Children returning to school face one unique challenge: anxiety about being separated from their families after months of being together.


It may cause separation anxiety in some children and the anxiety they may feel about leaving their safe haven from the pandemic.

“Kids are just really used to being at home with their parents now,” said Dr Jennifer Louie, a clinical psychologist.

Even children who had become accustomed to being in school prior to the pandemic are finding it difficult to be separated. There is also the added fear that other people are not as safe as we thought they were.


When children go out now, they are frequently reminded not to get too close to other people, wear masks, use sanitiser, and wash their hands.


There's a lot of anxiety in the air, and we think kids sense it. Your child may be wondering, "Are we sure it's safe to return?" And how about the rest of the people? Is it okay to touch this?"


Many parents have been seeing some clinginess in younger kids, or even nine- or ten-year-olds. Kids say things like, 'I don't want to go back to school,' or 'I don't want to be separated from you."


For some children, the excitement of returning to school after being cooped up at home for so long will outweigh any potential anxiety. However, kids who already feel pressure are more likely to be anxious when they return.


So parents face a difficult task in dealing with all of this anxiety and uncertainty: assuring your kids that it is safe to be away from them while also encouraging caution, and preparing them to be flexible in the event that the situation changes.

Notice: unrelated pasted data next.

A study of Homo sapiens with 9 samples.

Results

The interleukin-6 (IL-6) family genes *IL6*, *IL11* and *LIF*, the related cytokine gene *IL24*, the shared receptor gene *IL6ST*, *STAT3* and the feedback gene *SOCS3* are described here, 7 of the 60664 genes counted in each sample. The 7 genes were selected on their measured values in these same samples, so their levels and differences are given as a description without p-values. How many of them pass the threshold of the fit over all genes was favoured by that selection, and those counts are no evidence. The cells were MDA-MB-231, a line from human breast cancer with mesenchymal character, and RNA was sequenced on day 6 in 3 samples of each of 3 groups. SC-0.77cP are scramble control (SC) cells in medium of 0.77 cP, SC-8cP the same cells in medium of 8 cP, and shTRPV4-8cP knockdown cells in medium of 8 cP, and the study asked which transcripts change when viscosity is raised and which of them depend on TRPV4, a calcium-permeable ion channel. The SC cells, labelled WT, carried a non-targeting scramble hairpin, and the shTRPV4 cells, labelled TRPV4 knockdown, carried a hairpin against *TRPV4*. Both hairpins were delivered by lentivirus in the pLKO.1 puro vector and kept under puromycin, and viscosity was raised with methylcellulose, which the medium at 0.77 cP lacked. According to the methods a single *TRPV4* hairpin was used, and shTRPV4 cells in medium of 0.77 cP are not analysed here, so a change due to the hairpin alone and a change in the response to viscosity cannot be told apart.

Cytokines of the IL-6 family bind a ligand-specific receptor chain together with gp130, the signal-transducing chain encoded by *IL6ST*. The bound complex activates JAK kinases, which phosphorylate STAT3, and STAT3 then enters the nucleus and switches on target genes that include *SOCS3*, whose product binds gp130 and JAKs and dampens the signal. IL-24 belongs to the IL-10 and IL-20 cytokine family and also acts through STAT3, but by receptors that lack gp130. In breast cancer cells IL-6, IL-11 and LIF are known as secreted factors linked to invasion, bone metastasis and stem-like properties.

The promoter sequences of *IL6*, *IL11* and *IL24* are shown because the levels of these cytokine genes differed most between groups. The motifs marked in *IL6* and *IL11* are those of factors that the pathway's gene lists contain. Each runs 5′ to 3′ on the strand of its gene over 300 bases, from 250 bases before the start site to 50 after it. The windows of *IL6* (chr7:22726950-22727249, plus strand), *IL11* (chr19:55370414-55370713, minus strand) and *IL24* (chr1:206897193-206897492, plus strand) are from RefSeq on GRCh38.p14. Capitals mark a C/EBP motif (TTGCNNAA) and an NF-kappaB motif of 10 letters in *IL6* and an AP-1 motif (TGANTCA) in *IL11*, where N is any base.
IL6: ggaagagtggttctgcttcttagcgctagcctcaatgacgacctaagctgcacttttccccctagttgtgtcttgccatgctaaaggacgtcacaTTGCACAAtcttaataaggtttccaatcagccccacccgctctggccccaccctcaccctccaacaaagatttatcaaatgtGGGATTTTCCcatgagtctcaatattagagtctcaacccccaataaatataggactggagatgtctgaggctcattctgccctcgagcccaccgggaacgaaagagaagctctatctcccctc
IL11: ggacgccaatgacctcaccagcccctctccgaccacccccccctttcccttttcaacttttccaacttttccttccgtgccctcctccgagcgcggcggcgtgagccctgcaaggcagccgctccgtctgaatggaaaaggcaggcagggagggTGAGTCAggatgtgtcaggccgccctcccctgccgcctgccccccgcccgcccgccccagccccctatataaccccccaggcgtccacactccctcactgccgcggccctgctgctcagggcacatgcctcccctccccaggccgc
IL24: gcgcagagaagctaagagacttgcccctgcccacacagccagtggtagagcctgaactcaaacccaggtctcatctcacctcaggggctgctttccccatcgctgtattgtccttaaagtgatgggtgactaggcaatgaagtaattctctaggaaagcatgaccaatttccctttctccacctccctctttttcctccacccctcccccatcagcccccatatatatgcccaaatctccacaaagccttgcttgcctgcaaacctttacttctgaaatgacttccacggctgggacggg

How can you help your child?

Here are our three golden tips:


1. Lead by example

Show your kids that it is okay to go back to school and show them how to protect themselves- if they don't know by now. You will only fuel anxiety if you lead with your own anxiety.


2. Validate their emotion

It's concerning when children are clingy or fearful of being separated from you, but parents must remain calm and optimistic.


Keep encouraging your child, and don't dismiss their fear; rather, have a conversation about what they can do if they feel unsafe or scared.


3. Step by step separation

For children who are anxious about being separated, our experts recommend practising separation, beginning with small steps and gradually increasing tolerance for more and more independence.


Last Thought of Encouragement

Times are challenging but adjustable.


Encourage your children to interact with their peers and teachers, encourage them to continue sports and encourage them to do anything they dream of.

This article was written by our Native English Teacher, Miss Ilse.